Pyoro! for the Arduboy

Pyoro_1.0.hex (38.1 KB)


I just finished porting the game Pyoro (known as Bird and Beans in the US) to the Arduboy, and wanted to share the hex file (and code).

You can find the files here.


  • LEFT/RIGHT - Move Pyoro
  • A - Shoot tongue
  • UP+B (on main menu) - Clear save file


  • Add a pause menu


  • Name your .ino file Pyoro.ino instead of Project.ino so people compiling using the Arduino IDE don’t have to rename it or put it in a folder named Project.

  • It would be a good idea to include arduboy.flashlight() after arduboy.boot(), to allow recovery if a version of the game ever causes the “bootloader magic key” problem.

  • Forcing audio on in setup() may annoy some people who wish to play the game with sound muted. You should use instead of

  • Along with the previous suggestion; since the game has no way for the user to toggle sound on and off, you could include arduboy.systemButtons() before so the mute state can be set during startup.

Or, instead of all the extra function calls in setup, you could just use arduboy.begin() instead of arduboy.boot() :wink:


i don’t wanna use the arduboy.begin() screen. Too many splashes and it starts to look like a Hollywood movie.
Pushing an update in minutes Done!


The first 16 bytes of EEPROM are reserved for system use (such as saving the mute state). Sketches must only use EEPROM locations starting at or after the defined value


Done! Used EEPROM_STORAGE_SPACE_START for the high score and EEPROM_STORAGE_SPACE_START+2 for the save magic number


Just to make things a bit cleaner, in setup() you can use


instead of

  do {
  } while(arduboy.buttonsState());

I actually saw that snippet on another post of yours, so I just used that. Will do, then!


Difficulty now increases for every 500 points you score. Beans go faster, spawn more often and Pyoro goes faster too.
Save magic changed since the difficulty and gameplay are different, so you will lose your high score.

A bit of advice:

  • You don’t have to use itoa. arduboy.print can print integers, arduboy.print(score); would be fine. Because of this, scorebuf is essentially redundant.
  • aHeld looks like it could be replaced with using justPressed instead of pressed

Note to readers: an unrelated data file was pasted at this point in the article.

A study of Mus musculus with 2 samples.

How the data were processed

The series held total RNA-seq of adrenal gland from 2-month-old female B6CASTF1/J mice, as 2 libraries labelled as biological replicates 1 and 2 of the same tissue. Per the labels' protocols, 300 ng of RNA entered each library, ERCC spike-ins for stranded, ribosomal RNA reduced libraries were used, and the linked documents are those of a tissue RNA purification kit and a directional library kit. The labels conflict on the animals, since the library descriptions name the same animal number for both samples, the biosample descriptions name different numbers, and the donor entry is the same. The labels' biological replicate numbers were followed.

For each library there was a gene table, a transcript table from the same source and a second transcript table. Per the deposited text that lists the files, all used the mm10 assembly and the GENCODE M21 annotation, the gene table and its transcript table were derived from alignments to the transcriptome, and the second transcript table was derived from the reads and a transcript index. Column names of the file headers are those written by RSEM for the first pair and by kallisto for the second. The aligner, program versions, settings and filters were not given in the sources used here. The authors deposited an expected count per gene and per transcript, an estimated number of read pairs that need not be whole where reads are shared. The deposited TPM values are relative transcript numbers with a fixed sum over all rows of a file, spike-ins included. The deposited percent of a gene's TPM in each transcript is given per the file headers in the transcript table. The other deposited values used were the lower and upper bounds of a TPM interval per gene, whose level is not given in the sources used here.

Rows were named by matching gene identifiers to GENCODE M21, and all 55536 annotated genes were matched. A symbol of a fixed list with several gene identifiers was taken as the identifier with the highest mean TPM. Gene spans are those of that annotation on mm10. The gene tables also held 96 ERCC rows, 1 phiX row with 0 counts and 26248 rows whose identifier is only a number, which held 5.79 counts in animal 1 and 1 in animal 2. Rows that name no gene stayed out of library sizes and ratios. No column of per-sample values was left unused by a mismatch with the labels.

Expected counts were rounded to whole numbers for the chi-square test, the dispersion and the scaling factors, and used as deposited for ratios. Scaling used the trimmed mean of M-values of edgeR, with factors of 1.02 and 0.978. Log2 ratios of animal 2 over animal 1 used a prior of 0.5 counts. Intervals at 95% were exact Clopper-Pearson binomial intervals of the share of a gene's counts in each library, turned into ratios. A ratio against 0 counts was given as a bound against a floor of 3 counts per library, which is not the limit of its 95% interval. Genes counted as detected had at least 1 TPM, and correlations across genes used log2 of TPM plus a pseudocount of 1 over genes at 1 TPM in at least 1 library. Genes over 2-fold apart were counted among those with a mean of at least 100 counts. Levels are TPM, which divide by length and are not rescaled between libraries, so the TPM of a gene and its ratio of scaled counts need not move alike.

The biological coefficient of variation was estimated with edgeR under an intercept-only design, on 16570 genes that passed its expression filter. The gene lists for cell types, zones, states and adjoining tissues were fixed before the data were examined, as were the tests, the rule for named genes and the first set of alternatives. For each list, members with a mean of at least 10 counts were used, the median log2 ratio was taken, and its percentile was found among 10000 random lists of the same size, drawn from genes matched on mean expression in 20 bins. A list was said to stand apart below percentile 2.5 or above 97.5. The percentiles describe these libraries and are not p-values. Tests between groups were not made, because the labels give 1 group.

• sizeof(unsigned int) returns the size of unsigned int in bytes, not its maximum value, so when you call add(&val2u, margin, sizeof(unsigned int)) you’re actually doing add(val2u, margin, 2). That might be intentional, but it doesn’t seem to be.
  • You don’t need struct in front of bean and angel except for when they’re first declared. I.e. beans[i] = (struct bean){0,0,0,0} is redundant, you could just write beans[i] = (bean){0,0,0,0} or in fact beans[i] = {0,0,0,0} should work too

  • I’m using itoa because using the print(int) overload is super laggy. My code only calls itoa when score updates, instead of on every single frame. If I don’t redraw the score, it can get hidden by beans falling through.

  • aHeld works differently in that it uses aPressed's previous value, which goes through the validation of the A press (leading to the tongue having extended) which justPressed() does not do. I did try swapping out but it didn’t work.

  • Didn’t notice because req() was only used for small amounts

  • Nope. As per C convention, struct types can only be referred to by prefixing them with struct, unless typedef'd. And omitting the cast can create confusion for whoever reads the code afterwards.

It shouldn’t be, usually it’s fairly quick.
If I can’t prove otherwise then fair enough.

I see, I hadn’t noticed that you set aPressed = false;.

This isn’t C, this is C++. In C++, the struct is optional.
(If this was C, you wouldn’t be able to do arduboy.display() because C doesn’t have a concept of member functions.)

The reason you are getting an error is because you named one of your images bean as well (i.e. PROGMEM const unsigned char bean[]), so the compiler can’t figure out whether you mean the struct bean or the array bean.
A simple fix would be to capitalise the type names to Bean and Angel.

That’s one of the reasons C++ tends to prefer constructors over C-style brace initialisation.
Personally I don’t think omitting the cast is particularly confusing, the array name is quite clear about what it contains, but fair enough.


Oh and print(int) might be superfast, but still, converting only on change leaves more cycles per frame, so more room for improvement.